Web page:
Giovanni Mazza has fears just like any other 13-year-old.
But for him, the jitters come when he’s about to perform in front of an NBA arena packed with people.
“I get kind of nervous right before I start,” Giovanni told InsideEdition.com, “but then once the music starts, I’m fine and I just have fun."
His skill? The violin. But Giovanni is a little different than most. Instead of playing classical music like Beethoven or Chopin, the teen wows the crowd with his hip-hop routine.
“I just love to perform, and the violin has been like a vehicle for me to perform all around the country,” he said, speaking from the green room of the Wells Fargo Center while waiting to take center court for the halftime show at a recent Philadelphia 76ers game.
Giovanni, who is from Chicago, has been playing the instrument since he was just a toddler. He touched his first violin at an instrument petting zoo at his local library, and was fascinated by the smooth wood and taut strings.
“Out of all the instruments he could choose from, he picked a little, tiny violin,” Giovanni’s mother, Lisa Mazza, said.
He dropped and broke his first violin, but it’s only been uphill from there. “I haven’t dropped any violins since then,” he said with a laugh.
Aged 3, he was enrolled in group violin classes. At first, his parents had to bribe him with toys, such as Power Rangers, in order to practice. He’s come a long way since then.
“Now I have a huge collection of Power Rangers, but no one has to bribe me anymore,” Giovanni said.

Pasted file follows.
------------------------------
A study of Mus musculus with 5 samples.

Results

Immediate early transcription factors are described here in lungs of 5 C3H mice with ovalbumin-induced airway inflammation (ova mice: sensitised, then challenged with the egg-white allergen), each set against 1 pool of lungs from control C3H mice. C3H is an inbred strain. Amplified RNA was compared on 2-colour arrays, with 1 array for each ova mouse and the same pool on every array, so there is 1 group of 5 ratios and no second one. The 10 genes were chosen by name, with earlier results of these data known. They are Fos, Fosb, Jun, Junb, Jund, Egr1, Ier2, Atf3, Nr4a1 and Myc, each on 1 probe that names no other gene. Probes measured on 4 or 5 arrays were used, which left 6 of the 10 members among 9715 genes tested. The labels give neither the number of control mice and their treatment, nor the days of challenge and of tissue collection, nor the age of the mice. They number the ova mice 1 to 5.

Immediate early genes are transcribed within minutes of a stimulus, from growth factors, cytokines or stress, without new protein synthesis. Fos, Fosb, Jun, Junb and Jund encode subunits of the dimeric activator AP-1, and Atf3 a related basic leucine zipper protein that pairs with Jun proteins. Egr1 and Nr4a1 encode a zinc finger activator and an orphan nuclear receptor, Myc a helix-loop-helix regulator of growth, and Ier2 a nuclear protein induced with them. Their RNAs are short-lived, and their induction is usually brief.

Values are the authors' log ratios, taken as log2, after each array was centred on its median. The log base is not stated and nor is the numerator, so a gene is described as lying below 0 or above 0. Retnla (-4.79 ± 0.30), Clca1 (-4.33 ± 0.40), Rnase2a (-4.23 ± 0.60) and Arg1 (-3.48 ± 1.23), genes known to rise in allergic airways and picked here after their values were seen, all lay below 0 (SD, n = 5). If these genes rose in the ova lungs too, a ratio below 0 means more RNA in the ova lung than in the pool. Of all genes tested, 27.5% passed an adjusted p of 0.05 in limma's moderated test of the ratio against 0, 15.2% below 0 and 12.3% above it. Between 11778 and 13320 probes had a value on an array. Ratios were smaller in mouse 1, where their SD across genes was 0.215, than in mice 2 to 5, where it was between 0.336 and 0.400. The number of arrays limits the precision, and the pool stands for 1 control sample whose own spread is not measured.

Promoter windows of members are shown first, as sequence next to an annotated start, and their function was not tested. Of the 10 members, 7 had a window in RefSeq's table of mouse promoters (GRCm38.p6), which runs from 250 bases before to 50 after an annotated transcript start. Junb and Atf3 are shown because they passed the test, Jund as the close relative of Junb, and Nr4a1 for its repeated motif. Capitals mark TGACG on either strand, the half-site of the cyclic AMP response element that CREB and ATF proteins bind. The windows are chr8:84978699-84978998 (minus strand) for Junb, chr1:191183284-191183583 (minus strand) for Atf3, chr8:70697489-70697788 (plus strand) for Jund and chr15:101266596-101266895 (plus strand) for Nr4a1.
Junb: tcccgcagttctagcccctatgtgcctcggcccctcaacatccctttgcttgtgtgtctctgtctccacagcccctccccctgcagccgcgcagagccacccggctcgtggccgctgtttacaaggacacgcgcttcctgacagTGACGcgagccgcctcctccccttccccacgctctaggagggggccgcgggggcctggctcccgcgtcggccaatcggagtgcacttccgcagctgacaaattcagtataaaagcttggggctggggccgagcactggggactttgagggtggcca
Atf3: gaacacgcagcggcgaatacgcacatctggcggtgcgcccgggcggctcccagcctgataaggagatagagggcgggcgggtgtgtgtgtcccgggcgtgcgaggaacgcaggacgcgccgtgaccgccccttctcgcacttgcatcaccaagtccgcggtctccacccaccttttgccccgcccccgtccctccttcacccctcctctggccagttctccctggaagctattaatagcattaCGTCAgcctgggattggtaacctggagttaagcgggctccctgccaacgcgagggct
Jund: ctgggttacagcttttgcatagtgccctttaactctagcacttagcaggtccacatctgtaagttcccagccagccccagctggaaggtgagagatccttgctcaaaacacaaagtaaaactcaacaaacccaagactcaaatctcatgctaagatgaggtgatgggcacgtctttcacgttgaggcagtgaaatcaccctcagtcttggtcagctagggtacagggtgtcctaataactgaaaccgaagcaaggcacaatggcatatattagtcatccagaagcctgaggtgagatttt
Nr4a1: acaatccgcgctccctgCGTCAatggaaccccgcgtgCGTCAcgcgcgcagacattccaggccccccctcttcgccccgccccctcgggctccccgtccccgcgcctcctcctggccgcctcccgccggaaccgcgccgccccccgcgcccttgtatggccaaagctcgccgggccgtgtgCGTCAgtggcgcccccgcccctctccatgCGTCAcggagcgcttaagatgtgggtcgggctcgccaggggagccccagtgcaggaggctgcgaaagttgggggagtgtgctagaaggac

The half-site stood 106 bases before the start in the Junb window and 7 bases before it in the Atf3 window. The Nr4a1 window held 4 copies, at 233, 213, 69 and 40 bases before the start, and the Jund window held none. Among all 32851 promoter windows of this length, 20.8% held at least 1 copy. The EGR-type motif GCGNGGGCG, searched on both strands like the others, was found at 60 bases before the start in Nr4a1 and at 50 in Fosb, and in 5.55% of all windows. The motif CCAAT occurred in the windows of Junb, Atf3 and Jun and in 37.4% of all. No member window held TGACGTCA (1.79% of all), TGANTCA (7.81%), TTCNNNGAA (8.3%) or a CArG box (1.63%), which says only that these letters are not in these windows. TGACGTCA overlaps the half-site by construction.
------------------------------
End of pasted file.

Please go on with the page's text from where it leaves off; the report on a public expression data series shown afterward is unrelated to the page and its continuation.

When he was 9, his parents entered him into the Chicago Bulls Kids Talent Search contest, where young musicians and singers take the court at the United Center at halftime and do their best to impress fans.
“I didn't have any interest in the contest,” Giovanni recalled. “My mom was like, ‘Well, we'll do it for the free tickets.’ So, I did it.”
He lost the competition, but the Bulls were so awed by his abilities they asked him to perform during the 2016 NBA All-Stars Rising Stars game in Toronto.
The moment marked the beginning of his nationwide tour. Since then, Giovanni has played in more than a dozen cities and venues including Madison Square Garden in New York City and the Staples Center in Los Angeles.
His family travels together when they’re on the road, making it a fun weekend away from home. “The day of the game, we let him take it easy,” dad Vito Mazza said. “He still has to practice his classical exercises and things like that, but as far as the pressure, we don't put any pressure on him on game day.”
Giovanni doesn’t have to miss a lot of school for the shows. “On a regular performance day, I usually wake up a little bit later than usual and practice a little bit at the hotel,” he said. “[When we get to the arena I] do an on-court sound check, and then perform, and then I get to cheer on the team.”
But when it's not a performance day, Giovanni practices for hours, his dad explained. “The balancing is a lot of practicing of three hours of classical music,” he said. “Then he's got school. He participates in basketball, soccer, so he's a very, very busy kid.”
Giovanni’s classmates are understanding of his rigorous schedule, even though sometimes he has to miss practice for the sports he participates in. “Sometimes, I have to go up to my soccer team and be like, ‘Sorry guys. I’m going to miss soccer practice on Tuesday. I’m going to be out in Boston.’ They’re like, ‘You're playing for the Celtics?’ I was like, ‘Yeah.’ They were sweet. So, they're really supportive.”
And Giovanni finds support in strangers, too. “Sometimes kids write me messages [on Instagram] that say that I inspire them, and that really means a lot to me," he said.
Added Vito: “He likes to help other people. He's very generous and very humble. He's a very humble kid.”